Ladies and Gentlemen, this week has seen a huge growth in the number of VT offensive critics, and we here at the FBS Blog have seen the lions share of the action. Among the non-Stiney critics, there have been a number of excuses and finger pointing. Everyone from Tyrod to Boone, from Stiney to Beamer has been blamed for our poor offensive output. I’ve even heard a few football fabulists blaming Bud Foster and the Hokie defense for not holding off the Tide’s running attack in the 4th quarter.
It is because of this that I feel the need to solidify the viewpoint of the FBS Blog and it’s contributors. From the Mission Statement that appears at the top of the blog:
We at FBS believe that offensive coordinator Bryan Stinespring bears the largest share of the blame for years of sub-par output from some of the most talented players ever to set foot on Worsham Field.
Let me be clear on this point, if I fail to make any other during this post: good coaching leads to good players. Many of us who have played sports in the past have had the good fortune to play under a coach who emphasized execution and teamwork - a team that won not because of it’s stars, but because of it’s cohesiveness. These coaches recognized the abilities and weaknesses of the players under them, and designed schemes and plays to better utilize their collective talents and protect their weaknesses. Under such a coach, a player like Tyrod Taylor would score on his feet and keep defenses at bay with his arm (not the other way around, as we saw last weekend). under such a coach, athletic linemen (Warren and Wang are former TE’s) would be used in schemes requiring more pulling, screening and play action.
Coaches like our own Bud Foster can pull together mid-level talent and allow them to succeed. Paul Johnson did it at Navy and is doing it again (now with some star power) at Georgia Tech. Frankly, Bryan Stinespring has shown very little evidence of being able to even put together a Navy-caliber offense (Navy has out-ranked us in total offense every year since Stiney took over), let alone one the likes of GT, despite having just as many talented players.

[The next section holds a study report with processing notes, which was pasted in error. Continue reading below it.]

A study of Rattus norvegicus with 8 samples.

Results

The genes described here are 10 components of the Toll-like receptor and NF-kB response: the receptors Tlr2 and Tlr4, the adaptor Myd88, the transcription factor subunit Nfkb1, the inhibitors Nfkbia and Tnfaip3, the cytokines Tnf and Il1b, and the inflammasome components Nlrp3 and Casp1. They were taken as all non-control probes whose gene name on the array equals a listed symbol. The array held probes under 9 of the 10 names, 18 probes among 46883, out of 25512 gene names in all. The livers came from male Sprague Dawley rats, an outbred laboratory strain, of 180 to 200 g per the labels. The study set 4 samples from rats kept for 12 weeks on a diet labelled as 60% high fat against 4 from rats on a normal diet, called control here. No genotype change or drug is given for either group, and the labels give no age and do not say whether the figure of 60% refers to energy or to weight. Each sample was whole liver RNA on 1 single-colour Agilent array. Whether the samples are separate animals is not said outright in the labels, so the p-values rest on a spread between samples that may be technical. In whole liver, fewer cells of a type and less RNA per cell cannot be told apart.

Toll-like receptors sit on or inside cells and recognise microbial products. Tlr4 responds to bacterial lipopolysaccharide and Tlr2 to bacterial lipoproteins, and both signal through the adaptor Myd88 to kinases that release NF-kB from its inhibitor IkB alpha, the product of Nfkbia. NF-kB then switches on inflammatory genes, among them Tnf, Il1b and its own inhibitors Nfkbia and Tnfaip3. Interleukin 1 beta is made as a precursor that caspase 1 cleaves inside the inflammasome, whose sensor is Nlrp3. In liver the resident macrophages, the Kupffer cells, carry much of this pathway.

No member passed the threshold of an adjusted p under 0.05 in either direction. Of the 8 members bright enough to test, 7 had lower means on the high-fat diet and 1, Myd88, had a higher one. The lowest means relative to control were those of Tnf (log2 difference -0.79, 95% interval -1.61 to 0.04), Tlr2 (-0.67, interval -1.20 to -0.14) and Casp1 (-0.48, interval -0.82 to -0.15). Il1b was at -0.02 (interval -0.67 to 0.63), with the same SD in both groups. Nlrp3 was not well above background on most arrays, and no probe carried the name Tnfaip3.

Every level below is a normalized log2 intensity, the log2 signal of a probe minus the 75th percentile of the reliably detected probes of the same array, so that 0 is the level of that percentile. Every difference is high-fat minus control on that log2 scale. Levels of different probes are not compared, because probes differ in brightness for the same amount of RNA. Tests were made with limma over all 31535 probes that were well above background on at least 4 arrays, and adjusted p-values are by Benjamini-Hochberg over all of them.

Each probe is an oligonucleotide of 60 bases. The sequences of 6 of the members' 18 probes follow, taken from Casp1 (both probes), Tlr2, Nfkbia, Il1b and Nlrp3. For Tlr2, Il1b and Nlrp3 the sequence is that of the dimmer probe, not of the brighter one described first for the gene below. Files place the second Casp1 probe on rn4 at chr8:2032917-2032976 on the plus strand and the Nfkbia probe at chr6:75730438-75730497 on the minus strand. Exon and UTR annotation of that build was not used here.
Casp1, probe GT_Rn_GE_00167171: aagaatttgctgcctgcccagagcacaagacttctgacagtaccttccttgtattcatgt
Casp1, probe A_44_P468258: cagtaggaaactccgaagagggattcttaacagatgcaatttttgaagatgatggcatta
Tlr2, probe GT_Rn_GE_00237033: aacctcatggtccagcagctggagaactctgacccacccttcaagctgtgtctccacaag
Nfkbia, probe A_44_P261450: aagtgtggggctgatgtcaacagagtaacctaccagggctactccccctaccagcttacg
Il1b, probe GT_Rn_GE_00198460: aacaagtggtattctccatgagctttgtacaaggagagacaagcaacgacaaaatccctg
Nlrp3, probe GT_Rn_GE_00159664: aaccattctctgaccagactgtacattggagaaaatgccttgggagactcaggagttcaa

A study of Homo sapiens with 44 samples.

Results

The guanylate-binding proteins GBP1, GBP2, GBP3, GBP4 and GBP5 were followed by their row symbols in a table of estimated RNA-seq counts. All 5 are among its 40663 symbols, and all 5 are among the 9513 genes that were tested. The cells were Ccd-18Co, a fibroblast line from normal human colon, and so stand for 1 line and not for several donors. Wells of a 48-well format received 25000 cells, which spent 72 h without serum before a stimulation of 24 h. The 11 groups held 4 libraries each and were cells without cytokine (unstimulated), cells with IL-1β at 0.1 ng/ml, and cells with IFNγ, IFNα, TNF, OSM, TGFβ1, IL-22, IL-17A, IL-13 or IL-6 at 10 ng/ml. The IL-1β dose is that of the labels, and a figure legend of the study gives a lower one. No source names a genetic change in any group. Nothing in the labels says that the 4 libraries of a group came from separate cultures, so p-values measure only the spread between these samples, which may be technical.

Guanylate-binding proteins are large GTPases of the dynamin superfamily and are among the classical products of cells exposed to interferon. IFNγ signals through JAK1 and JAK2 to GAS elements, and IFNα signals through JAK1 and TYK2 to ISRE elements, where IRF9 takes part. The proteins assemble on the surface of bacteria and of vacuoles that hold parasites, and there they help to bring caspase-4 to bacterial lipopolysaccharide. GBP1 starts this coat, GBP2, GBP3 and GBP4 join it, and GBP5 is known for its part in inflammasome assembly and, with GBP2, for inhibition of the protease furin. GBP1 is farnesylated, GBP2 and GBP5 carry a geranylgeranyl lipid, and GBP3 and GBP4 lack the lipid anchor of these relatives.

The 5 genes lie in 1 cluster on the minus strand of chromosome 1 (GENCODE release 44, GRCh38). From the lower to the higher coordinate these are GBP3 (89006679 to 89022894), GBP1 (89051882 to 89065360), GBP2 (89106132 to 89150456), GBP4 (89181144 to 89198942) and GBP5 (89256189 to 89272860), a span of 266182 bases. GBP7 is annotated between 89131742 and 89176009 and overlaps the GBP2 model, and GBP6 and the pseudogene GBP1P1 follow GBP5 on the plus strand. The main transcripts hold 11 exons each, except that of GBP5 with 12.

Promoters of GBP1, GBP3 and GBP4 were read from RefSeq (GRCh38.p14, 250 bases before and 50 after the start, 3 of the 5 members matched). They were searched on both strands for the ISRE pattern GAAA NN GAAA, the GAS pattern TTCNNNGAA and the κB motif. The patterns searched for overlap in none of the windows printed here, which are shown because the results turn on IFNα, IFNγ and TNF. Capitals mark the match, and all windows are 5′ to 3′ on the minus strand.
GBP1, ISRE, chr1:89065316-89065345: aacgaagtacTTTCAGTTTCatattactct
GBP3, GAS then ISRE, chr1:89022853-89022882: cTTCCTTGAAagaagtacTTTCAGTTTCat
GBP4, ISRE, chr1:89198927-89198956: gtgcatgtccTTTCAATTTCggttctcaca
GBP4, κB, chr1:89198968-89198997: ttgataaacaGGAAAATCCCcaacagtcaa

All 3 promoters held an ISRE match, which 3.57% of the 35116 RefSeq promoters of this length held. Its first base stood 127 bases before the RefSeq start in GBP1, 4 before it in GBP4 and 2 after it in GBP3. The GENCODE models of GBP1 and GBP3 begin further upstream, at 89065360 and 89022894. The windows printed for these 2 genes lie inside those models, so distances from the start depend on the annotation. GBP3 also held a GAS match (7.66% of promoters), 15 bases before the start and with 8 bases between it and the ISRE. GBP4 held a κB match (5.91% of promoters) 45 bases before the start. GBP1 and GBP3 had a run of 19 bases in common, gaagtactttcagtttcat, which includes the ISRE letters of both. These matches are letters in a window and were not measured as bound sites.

In high school, I had the privilege to play under a defensive coordinator who took undersized players and built a defense that regularly held the best talent in our area (including at least 1 now-starting NFL RB) to far fewer yards than any other school in the area could. We won the state championship my senior season, despite having a team that, by all accounts, wasn’t even supposed to challenge for a playoff spot. I got to see first hand what a good coach can accomplish just by expecting, not just asking, his players to execute. If you didn’t execute, there was someone behind you in the depth chart who would.
I’ve said it before, but I think VT is best served not with a Texas Tech or Hawaii-style passing attack, but with a methodical, punch-you-in-the-face running game. The kind of gameplan that chews up clock and allows for the defense and special teams to shine. It would also open opposing defenses up to the occasional deep pass or screen. The kind of game where you can damn near will a drive to go just as far as you want it to. Check out video of Jacob Hester at LSU or LenDale White at USC. They could pound the ball in when they got into the red zone, something the VT offense has failed to do in recent years.
That said, many of us here at FBS (I won’t venture to say all) appreciate Stinespring’s strengths as a recruiter and as a position coach. He’s lead to a large amount of talent in Blacksburg, and his former offensive linemen, and now tight ends are some of the best in college football, but as a coordinator and play caller, he just can’t seem to get the job done. Head Coach Frank Beamer needs to see that and make an adjustment, otherwise that trophy case will likely remain empty for another decade.